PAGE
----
Will speak at National Pro-Life Conference about preventing maternal deaths

“The risk of a mother dying as a direct cause of pregnancy and labour in Africa is one in 13.”

That is just one of the reasons that Dr. R.L. (Rob) Walley, professor of obstetrics and gynecology at Memorial University in Newfoundland, founded Mater Care, an organization dedicated to providing health care for mothers. Walley told The Interim that while there is lots of talk about women’s health, the health of mothers is all but ignored.

He describes Mater Care International as a group of obstetricians, gynecologists, and midwives who provide maternal health care, “as a way of breathing life into that area of health care.” He said that the existing mentality among ob-gyns is anti-life as they become involved in abortion and contraception, advancing the United Nation’s and World Health Organization’s “reproductive rights” agenda. As a result, there is less concern for the health of the mother.

MCI, with branches in Canada, the U.S., Ireland, and England, is funded through international aid agencies, including the Canadian International Development Agency (CIDA) and private donors.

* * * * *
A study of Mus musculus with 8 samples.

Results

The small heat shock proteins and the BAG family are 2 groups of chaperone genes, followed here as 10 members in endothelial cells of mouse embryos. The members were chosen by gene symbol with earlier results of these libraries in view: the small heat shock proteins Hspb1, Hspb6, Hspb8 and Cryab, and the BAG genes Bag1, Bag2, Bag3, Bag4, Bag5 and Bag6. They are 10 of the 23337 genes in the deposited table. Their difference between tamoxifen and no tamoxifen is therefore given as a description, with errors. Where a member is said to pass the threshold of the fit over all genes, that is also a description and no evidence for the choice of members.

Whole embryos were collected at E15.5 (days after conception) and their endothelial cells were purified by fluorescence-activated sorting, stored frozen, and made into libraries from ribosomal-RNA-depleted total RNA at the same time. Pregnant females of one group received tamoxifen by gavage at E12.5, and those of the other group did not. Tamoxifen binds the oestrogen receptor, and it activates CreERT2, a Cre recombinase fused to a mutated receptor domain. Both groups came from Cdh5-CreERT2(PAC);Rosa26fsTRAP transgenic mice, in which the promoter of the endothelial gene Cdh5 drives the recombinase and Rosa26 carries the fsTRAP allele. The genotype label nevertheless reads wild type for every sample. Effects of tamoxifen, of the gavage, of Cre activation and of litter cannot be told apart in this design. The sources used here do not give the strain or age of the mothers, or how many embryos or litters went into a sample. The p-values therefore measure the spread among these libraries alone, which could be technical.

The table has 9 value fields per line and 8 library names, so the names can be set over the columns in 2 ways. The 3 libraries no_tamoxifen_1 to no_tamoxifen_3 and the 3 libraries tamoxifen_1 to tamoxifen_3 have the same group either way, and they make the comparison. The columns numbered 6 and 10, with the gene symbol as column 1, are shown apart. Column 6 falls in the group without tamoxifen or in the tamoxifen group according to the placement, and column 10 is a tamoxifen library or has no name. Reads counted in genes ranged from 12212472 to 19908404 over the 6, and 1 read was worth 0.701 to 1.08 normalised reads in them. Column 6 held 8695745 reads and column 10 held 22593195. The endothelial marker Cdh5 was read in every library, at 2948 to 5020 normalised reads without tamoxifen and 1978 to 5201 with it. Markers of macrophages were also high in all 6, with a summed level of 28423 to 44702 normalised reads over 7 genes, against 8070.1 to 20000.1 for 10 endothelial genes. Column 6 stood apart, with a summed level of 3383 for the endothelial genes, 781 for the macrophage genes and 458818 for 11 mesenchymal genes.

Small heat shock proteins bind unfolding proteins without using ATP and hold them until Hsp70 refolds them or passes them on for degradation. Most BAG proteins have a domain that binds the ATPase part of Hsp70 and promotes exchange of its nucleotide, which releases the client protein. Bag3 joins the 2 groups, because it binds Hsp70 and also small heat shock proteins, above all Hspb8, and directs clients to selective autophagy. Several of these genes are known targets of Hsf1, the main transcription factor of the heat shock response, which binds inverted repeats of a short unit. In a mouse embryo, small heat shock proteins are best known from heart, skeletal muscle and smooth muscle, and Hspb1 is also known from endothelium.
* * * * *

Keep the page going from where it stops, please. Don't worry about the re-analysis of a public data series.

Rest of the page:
Walley tells of a recent application for money from CIDA. When he was asked by officials why he doesn’t distribute condoms and the pill to women, he said he replied, “How does the pill help a hemorrhaging woman; how does a condom help a woman who is leaking urine?”

He is not a person to mince words, and a simple look at the horrific circumstances of mothers in impoverished nations shows why. The promotional literature for MCI says 1,600 mothers die each day during pregnancy and childbirth, and that most of these deaths are preventable with the proper care and attention. But that is just “the tip of the iceberg.”

Post-birth difficulties can affect women for the rest of their lives. Such injuries include damage to the bladder and rectum that result in being incontinent of urine and feces. But obstetric fistula, as this problem is called, need not lead to lifelong pain and humiliation, because it is treatable.

MCI’s first project to reduce maternal mortality and morbidity is at the West African Maternal Health and Obstetric Fistula Project in Ghana. The focus is wide, the workload heavy. They are seeking not just to respond to the health crisis, but to prevent it. They are working with “traditional birth attendants” in rural areas to improve pre-natal and peri-natal care, working on safe ways to transport mothers with obstetrical emergencies to hospitals and developing a maternity blood bank.